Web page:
The Dog Mountain and Augspurger trails have been temporarily closed for public safety due to the nearby Dog Falls fire burning on the Washington side of the Gorge in Skamania County. Both trails start from the Dog Mountain trailhead. The trails have been cleared of any visitors and signage is posted at the trailhead informing visitors of the closure.
The Dog Falls fire is located above Highway 14 near milepost 59 to the west of Dog Creek. As of Tuesday morning, the fire was 3.25 acres in size and no containment had been listed, according to Jen Kevil and Bernie Pineda of the Columbia River Gorge National Scenic Area Office. Currently, the fire is burning in steep terrain making accessibility difficult.
Kevil reported Tuesday morning that helicopters have been dropping water on the fire, but that the Gorge winds “have picked up and are causing problems for the helicopters.”
Meanwhile, the 20-member hotshot crew out of Entiat, Wash., are on the scene making fire lines on the east and west edge of fire perimeter.
Kevil said the cause of the fire is still under investigation. Pineda said progress has been made on containing the blaze but noted the crews are “still about a week’s worth out before we would feel comfortable saying this fire is 100-percent out.”
Both trails will remain closed until further notice. For more information on current conditions, please visit fs.usda.gov/crgnsa.
A fire also started on Monday morning near milepost 73 on Highway 14 at the Chamberlain Lake Rest Area near Lyle in Klickitat County. According to the Washington Department of Transportation, smoke decreased visibility on Highway 14, while the eastbound lane was blocked by emergency vehicles. No cause of the fire was listed, but the scene was cleared at 5:38 p.m. Tuesday.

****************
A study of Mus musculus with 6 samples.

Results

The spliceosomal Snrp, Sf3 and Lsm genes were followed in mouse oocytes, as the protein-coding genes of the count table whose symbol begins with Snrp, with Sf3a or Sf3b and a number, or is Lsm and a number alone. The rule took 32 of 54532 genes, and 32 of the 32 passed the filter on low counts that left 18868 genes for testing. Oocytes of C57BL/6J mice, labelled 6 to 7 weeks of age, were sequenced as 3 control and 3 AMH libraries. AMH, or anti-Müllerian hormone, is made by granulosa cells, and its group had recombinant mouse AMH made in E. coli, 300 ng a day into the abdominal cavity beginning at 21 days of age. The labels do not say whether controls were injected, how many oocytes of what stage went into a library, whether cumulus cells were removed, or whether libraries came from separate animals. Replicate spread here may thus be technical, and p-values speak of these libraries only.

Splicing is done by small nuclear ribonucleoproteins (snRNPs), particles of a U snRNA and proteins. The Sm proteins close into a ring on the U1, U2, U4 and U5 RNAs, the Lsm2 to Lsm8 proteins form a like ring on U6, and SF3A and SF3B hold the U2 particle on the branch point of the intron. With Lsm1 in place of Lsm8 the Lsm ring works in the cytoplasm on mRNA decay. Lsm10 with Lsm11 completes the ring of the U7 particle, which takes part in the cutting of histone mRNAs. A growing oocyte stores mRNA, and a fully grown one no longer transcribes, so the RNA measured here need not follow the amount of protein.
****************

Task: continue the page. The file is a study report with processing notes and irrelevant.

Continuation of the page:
The Oregon Department of Forestry, The Dalles Unit has declared the start of fire season effective Monday, June 9, at 6 a.m. This applies to all lands protected by the Oregon Department of Forestry in Hood River and Wasco counties. All industrial operations on forest land are required to have fire tools, water supply, and fire extinguishers on site. They will also need to provide a fire watch after every operational period.
A new law was enacted this year on lands protected by the Oregon Department of Forestry that bans the use of exploding targets, tracer ammunition, and sky lanterns during fire season. You may reference ORS 477.512 for definitions and a full explanation of the law.
Remember that there will be a burn ban starting July 1. Please check with the landowner and ODF for current restrictions before conducting any forest activities.
According to Jim Appleton, Mosier fire chief, as of June 5, burn piles are banned until further notice in the Mosier Fire District.
Approved burn barrels and incinerators are still allowed from dawn until 11 a.m., through the rest of the month of June.
As of July 1, all outdoor burning will be prohibited until further notice.